Multiple Spotify Accounts on Alexa: A Simple Guide


In this article, We’ll go over step-by-step directions for using Multiple Spotify accounts on Alexa. I’ll also explain why you should be using multiple Alexa Spotify accounts. Just in case, I’ve even tossed in a backup option in case you want to share an Alexa account but don’t want your musical playlists getting mixed up.

Can Alexa Have Multiple Spotify Accounts?

You can use multiple Spotify Accounts with Alexa, but you’ll need to set up multiple Amazon accounts and link each Spotify account to a different Amazon account.

This process takes a few minutes to set up, but there are no major downsides to it. Each Amazon account will have the same Amazon Prime benefits as long as you set them up within the same Amazon Household. You can even create children’s Amazon accounts within a household, which gives you more fine-grained parental controls.

Advantages of Having Multiple Spotify Accounts on Alexa

1. Avoid mixing up your household’s music preferences

Spotify is really good at figuring out what music and podcasts you like. Since you’re using the same Spotify account on your phone, your computer, and your Amazon Echo, your musical preferences follow you everywhere you go.

I had my account perfectly attuned to my love of the Flobots and Eminem, but then someone in my apartment started playing Mariah Carey on our Echo Show. Now, Spotify thinks I like Mariah Carey (and I do, but Spotify doesn’t need to know that).

If each person has their own account, you never have to worry about someone else’s musical preferences ruining the vibe you and your Spotify account have going.

2. Play Different Music in Each Room

You can play the same music across your Echo speakers using multi-room music. But if you want to play one song in the living room while your partner jams out to a different song in the kitchen, you’ll need multiple Spotify accounts.

If you try to play the same Spotify account on multiple Echo devices, you won’t get an error message. Instead, the music will play on the last device that got the command. The other devices will just stop playing as soon as the new device starts.

How to Add a Second Spotify Account to Alexa

  1. Go to the Amazon Household page. Make sure you log in with the Amazon profile that you used to set up Alexa.
  2. Select Add Adult and follow the on-screen instructions to send an invite to your other household member. They’ll need to create their own Amazon login if they don’t already have one.
The Amazon Household screen, where you would go to link another adult to your account
  1. Log into the Alexa app using your newly added Amazon login.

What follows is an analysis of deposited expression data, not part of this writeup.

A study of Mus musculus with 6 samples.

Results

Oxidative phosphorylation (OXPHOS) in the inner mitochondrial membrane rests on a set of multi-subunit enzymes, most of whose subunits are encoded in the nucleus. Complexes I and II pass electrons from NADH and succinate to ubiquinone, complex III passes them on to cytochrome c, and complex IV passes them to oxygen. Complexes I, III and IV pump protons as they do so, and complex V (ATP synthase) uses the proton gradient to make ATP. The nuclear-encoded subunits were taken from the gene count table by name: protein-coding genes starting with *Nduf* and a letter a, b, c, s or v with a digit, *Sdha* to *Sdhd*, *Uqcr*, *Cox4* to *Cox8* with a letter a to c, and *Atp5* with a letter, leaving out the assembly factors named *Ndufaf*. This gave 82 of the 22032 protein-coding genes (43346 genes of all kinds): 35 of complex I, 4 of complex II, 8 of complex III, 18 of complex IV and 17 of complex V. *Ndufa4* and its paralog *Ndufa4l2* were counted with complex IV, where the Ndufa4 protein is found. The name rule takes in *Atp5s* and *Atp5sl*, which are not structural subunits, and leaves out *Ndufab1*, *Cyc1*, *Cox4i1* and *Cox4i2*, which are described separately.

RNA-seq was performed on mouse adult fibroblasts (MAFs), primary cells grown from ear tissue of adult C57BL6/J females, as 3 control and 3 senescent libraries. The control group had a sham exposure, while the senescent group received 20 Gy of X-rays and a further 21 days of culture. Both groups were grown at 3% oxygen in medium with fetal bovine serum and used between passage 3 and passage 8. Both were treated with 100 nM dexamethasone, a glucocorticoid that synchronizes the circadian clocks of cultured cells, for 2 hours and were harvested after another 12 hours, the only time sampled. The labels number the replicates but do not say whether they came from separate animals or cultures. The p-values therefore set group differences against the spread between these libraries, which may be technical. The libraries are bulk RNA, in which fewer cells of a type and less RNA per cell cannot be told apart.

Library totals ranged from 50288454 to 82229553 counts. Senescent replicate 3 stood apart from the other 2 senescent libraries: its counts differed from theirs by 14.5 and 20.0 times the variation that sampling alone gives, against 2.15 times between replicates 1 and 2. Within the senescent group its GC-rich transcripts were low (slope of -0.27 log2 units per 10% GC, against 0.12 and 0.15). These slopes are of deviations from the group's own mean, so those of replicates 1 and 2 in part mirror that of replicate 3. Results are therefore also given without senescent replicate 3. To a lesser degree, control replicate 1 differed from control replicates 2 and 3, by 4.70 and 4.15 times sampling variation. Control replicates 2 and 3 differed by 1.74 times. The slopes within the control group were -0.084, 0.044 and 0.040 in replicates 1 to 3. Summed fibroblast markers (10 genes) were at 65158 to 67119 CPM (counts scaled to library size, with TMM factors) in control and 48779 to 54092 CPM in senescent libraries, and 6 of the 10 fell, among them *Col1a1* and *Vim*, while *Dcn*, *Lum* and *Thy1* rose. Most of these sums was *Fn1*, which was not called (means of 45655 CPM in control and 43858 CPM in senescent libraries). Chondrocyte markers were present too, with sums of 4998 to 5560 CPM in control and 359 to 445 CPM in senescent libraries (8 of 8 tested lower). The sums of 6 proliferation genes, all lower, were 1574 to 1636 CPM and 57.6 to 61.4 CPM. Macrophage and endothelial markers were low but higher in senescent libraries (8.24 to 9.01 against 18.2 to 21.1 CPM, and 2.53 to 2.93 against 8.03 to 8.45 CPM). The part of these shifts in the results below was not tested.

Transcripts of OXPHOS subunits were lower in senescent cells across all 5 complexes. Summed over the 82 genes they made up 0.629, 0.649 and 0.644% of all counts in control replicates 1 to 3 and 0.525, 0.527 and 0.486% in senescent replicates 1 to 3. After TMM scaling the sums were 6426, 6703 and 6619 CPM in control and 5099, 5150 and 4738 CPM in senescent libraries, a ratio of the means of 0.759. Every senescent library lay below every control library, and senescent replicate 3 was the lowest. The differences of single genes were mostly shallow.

2. Link Spotify to this account by going to More -> Settings -> ‘Music & Podcasts’, clicking Link New Service, and selecting Spotify. Then, just follow the instructions to link your accounts.

An alternative: Spotify Connect

If, for whatever reason, you can’t set up a second Amazon account, you’ll have to rely on Spotify connect. Basically, this is a service from Spotify that syncs your current music between devices, including Alexa speakers.

  1. Make sure the Spotify app is closed on your phone (or whatever device you use to run the app). Otherwise, the initial connection may not work properly.
  2. Say (using the right wake word) “Alexa, Spotify connect” to your Echo speaker. It will respond with details about how to connect, but you can just follow the rest of these steps.
  3. Open the Spotify app on your smartphone and start playing a song.
  4. Press the device icon on the Now Playing bar.
The Spotify iPhone app, showing how to use Spotify connect
  1. Select your Echo speaker from the list of devices. This should transfer the currently playing song to Alexa.
The Spotify app, showing how to select a device from the Spotify connect list

The initial voice command may not work if you have a Spotify account connected to your Echo speaker. In that case, your only other option is to connect Echo to your phone as a Bluetooth speaker.

How Do I Switch Spotify Accounts on Alexa?

To switch Spotify accounts, you’ll need to switch user profiles on your Echo. Just say, “Alexa, switch to [Your name] profile.” Then, you can use any of the Alexa Spotify voice commands. Your Echo will know to play them based on your profile’s Spotify account instead of the other household profiles.

If you want to change the Spotify account associated with your Alexa profile, you’ll need to do that in the Alexa app. Go to More -> Settings -> ‘Music & Podcasts’ -> Spotify. You’ll need to disable the skill and re-enable it to link your profile to a different Spotify account.

What’s Next?

Now that you have multiple Spotify accounts set up, it’s time to unleash the full power of your Spotify music and Echo speakers. Did you know that you can, for example, sync your Hue lights with your Spotify music? That was one of my favorite new features that I discovered when I compared Hue vs Wiz smart lights.

You can also bring your Spotify music on the go with an Echo battery pack. If you’re already traveling with a Firestick, this will further enhance your mobile Alexa experience.

5 thoughts on “Multiple Spotify Accounts on Alexa: A Simple Guide”

  1. wow thanks! spotify connect totally worked 🙂 been looking for a solution like this for A WHILE…thanks again!

  2. You cannot create teen account outside of us, I think. I’m trying from Italy and I get a ” Your account is ineligible to add a teen. ” error.

    1. It looks like the Amazon Household options do vary from country to country. The US may be the only country with teen accounts at this point, and the entire household program seems to be missing from Canada and several other countries.
      As far as I can tell, there are no ways around this limitation.

  3. Strange. No matter what I do I can’t seem to get it to work. It’ll work on family defaults, but when I go to my user tab it won’t add the service.